This was published under the 2010 to 2015 Conservative and Liberal Democrat coalition government
Captains Hamish Reid and Nick Dennison of the Royal Army Medical Corps crossed the finish line in the Solent on Thursday 1 July 2010.
They set off in mid-May aiming to become the first pair to row non-stop and unsupported around the British mainland.
As they rowed back across the finish line in the Solent, near the entrance to Lymington Yacht Haven in Hampshire, at 1430hrs they were greeted by delighted family members and friends on a flotilla of boats which escorted them back in.
Captains Reid and Dennison then took their first steps on dry land after 50 days at sea:
The main feeling about setting a world record is a great relief after putting in so much effort getting around, plus the two years planning over the course of that time,” said Captain Reid.
Many experienced seamen told us it would not be practical to complete the journey, so we are delighted to be able to prove them wrong.
Captain Dennison added:
As expected, our progress has been entirely dependent on the weather and our progress directly reflected wind direction and speed and the amount of rain.
This has meant that we have seen everything from showers, sunny days with a tail wind, to ferocious storms.
The pair set off on the challenge on Wednesday 12 May 2010 in their 24-foot (7m) ocean-going rowing boat ‘Komale’ and battled high seas, fierce winds and strong tides on a journey of more than 2,100 miles.
The record attempt was dominated by tide cycles, with the two officers alternating between rowing two hours on and two hours off in open seas and resting together at anchor during the foul tide in inshore waters.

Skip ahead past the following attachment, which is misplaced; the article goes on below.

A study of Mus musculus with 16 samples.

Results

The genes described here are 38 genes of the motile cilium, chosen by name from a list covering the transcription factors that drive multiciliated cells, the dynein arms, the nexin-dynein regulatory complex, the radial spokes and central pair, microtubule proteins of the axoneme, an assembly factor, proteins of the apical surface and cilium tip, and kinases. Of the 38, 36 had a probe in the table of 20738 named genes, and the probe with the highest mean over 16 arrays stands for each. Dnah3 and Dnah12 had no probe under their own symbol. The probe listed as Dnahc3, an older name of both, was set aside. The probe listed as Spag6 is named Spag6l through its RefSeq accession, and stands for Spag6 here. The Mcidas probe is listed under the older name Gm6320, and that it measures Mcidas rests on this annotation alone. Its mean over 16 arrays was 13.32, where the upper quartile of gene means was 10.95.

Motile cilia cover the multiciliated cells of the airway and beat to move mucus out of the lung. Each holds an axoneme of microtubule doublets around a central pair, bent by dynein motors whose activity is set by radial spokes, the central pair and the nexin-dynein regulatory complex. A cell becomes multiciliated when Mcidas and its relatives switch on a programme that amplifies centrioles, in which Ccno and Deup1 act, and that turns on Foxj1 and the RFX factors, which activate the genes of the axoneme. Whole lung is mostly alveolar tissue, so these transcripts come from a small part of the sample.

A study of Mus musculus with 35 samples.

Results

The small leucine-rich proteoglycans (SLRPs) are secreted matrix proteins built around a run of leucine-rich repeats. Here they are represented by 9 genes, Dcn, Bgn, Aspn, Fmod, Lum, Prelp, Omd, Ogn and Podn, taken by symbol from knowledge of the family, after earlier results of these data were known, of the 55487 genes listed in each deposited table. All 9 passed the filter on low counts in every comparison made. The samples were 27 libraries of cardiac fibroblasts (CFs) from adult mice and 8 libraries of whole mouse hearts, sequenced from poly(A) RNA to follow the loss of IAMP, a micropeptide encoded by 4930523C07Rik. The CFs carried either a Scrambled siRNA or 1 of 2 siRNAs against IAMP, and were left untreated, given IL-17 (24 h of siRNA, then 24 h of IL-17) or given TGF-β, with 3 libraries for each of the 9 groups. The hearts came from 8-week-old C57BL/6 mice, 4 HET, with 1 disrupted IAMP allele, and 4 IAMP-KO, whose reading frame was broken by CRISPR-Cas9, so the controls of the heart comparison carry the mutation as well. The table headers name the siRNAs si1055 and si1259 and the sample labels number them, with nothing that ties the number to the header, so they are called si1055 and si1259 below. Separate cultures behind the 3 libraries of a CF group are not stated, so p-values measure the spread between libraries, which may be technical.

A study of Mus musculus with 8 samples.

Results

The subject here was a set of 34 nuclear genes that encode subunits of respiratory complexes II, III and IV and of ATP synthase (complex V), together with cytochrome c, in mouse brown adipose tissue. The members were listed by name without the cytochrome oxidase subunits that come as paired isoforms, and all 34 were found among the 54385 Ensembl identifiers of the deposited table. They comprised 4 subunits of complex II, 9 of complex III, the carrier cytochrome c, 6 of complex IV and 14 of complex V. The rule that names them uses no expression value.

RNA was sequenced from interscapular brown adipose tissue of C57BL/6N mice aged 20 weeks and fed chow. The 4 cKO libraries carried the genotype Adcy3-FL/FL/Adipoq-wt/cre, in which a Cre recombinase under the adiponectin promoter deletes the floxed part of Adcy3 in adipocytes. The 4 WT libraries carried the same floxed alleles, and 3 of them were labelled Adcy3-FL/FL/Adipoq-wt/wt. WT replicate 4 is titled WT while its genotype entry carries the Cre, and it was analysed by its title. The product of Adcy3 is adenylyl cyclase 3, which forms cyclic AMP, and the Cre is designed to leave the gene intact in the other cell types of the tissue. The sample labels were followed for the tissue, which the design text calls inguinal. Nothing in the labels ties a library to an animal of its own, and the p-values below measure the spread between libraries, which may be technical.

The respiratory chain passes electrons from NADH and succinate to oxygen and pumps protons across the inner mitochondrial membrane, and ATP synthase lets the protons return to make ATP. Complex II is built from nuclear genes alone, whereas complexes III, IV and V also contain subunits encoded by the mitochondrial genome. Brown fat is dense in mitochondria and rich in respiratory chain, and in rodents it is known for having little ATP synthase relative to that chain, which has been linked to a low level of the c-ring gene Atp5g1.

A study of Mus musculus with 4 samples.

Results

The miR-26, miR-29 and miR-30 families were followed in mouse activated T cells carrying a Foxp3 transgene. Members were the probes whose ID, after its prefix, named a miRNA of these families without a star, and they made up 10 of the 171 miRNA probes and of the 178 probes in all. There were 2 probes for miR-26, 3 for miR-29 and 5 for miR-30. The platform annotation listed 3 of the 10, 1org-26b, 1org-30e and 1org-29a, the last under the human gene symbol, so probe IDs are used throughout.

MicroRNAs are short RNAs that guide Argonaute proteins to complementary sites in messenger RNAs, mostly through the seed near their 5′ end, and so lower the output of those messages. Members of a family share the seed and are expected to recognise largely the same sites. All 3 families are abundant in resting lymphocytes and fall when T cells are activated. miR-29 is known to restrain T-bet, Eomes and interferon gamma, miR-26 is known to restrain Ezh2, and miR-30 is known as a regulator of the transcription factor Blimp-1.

They rowed up to 20-hours-a-day, with their sleep patterns dependent on weather conditions.
Maintaining good physical condition made the nutritional demands of the row very important.
It’s estimated they each expended 8,000 calories per day and had to cater for this in their diet.
During the row they undertook scientific research into the calorific demands, similar to work done by Mike Stroud and Ranulph Fiennes on their polar expedition.
This will provide new insight into the nutritional demands of prolonged exertion and physical degradation, an increasingly important component of current operations in Afghanistan.
Director General Army Medical Services, Major General Mike von Bertele, said:
The achievement of these two young doctors cannot be underestimated; they have shown courage, discipline and integrity throughout the whole challenge, qualities essential to that of an officer in the British Army today.
Additionally, the scientific research they have undertaken during their remarkable trip will no doubt be invaluable in providing insight into the nutritional demands of prolonged physical exertion - an increasingly important component of current operations.
They are a credit to the Royal Army Medical Corps.
In setting the world record the British Army doctors aim to raise £20,000 for both ABF The Soldiers’ Charity and Help for Heroes.